Geremek AffairBronislaw Geremek, French historian and Polish politicians, may lose his seat in the European Parliament: he refuses to sign a statement, per a new Polish law, declaring that he did not collaborate with secret state police during the communist era. He has resisted because, first, he already signed a statement, and second, the law is part of a larger purge of intellectual and bureaucrats in Poland:
I already made [such a declaration] in 2004, when I campaigned for the European elections, and now I feel as if I live in the country of King Ubu. . . . I believe that the law of lustration in its current form violates moral rules and threatens liberty of expression, the independence of the media nd the autonomy of the university. It engenders a form of ministry of truth and memory police. (full statement, in French)Colleagues have rushed to defend him, noting his history resisting communism:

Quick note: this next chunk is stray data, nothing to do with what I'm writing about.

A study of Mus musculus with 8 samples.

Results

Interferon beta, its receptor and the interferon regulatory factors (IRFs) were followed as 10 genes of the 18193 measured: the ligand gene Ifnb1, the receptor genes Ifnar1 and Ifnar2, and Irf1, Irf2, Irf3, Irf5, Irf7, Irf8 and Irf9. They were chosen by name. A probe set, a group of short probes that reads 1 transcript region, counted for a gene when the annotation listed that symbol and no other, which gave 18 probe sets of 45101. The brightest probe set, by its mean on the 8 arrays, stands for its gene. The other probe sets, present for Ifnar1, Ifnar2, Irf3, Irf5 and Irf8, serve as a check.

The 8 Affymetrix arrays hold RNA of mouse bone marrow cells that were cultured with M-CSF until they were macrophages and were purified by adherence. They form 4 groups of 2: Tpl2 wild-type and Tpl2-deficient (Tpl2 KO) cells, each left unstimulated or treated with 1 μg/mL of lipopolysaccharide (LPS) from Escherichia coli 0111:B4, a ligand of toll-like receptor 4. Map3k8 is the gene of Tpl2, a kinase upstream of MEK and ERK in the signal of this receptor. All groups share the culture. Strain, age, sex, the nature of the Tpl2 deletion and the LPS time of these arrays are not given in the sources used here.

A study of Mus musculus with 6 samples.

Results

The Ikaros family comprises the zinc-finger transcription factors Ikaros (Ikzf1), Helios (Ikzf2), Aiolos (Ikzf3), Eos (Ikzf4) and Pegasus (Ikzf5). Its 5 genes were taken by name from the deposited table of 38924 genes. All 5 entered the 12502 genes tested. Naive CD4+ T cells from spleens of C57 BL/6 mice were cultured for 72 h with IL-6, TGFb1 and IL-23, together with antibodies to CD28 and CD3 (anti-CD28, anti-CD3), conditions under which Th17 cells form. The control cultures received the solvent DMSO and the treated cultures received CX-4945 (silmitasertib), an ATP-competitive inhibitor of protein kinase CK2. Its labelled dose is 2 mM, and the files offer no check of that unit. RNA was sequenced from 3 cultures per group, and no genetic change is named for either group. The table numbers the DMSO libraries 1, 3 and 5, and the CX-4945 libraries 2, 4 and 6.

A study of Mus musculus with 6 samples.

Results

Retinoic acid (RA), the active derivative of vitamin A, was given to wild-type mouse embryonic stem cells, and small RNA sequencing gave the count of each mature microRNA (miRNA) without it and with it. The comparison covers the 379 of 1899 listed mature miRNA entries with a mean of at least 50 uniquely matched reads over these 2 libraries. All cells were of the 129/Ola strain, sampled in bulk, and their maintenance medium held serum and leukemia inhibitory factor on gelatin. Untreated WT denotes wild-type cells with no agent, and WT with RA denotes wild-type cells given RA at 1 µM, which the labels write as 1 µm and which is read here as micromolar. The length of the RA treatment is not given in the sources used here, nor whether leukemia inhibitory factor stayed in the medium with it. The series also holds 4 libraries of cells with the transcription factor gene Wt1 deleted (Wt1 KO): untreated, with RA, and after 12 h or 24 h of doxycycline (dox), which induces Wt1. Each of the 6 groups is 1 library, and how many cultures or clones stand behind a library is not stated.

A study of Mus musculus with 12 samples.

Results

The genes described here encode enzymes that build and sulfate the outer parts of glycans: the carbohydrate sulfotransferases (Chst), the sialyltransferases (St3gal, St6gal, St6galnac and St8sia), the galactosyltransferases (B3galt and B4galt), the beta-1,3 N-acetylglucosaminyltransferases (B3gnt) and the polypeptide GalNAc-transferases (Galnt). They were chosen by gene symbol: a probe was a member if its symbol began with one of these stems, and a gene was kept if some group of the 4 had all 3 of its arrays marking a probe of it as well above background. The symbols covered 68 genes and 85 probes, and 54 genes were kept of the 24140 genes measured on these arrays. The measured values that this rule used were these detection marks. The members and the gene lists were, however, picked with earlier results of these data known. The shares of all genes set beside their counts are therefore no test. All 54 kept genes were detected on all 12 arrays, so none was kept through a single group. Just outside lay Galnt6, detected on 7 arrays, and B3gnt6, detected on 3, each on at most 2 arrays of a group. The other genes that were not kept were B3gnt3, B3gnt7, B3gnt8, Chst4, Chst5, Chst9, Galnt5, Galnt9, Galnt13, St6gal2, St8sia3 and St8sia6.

[Daniel Cohn-Bendit:] We have fought Stalinism with Geremek, and we will protect our colleague without hesitation from a government that behaves either in a Stalinist or fascist manner.This affair comes as Poland's president, Lech Kaczynski, has come under scrutiny for his administrations intolerant policies, especially toward homosexuality.
[ETA:] I don't expect we'll have a "Gunter Grass" moment--information coming to light of collaboration, or that whatever meager information does come to light will be of no significance. His early membership in the communist party is known (as his involvement in Solidarity), and Geremek has not insisted that those who collaborated had not place in public life. Given that Polish governments in the 1990s decided it would not, in the country's interest, investigate such matters, Geremek's refusal seems like an honest attempt to protest the Kaczynski's turn to extremism and prevent hysteria.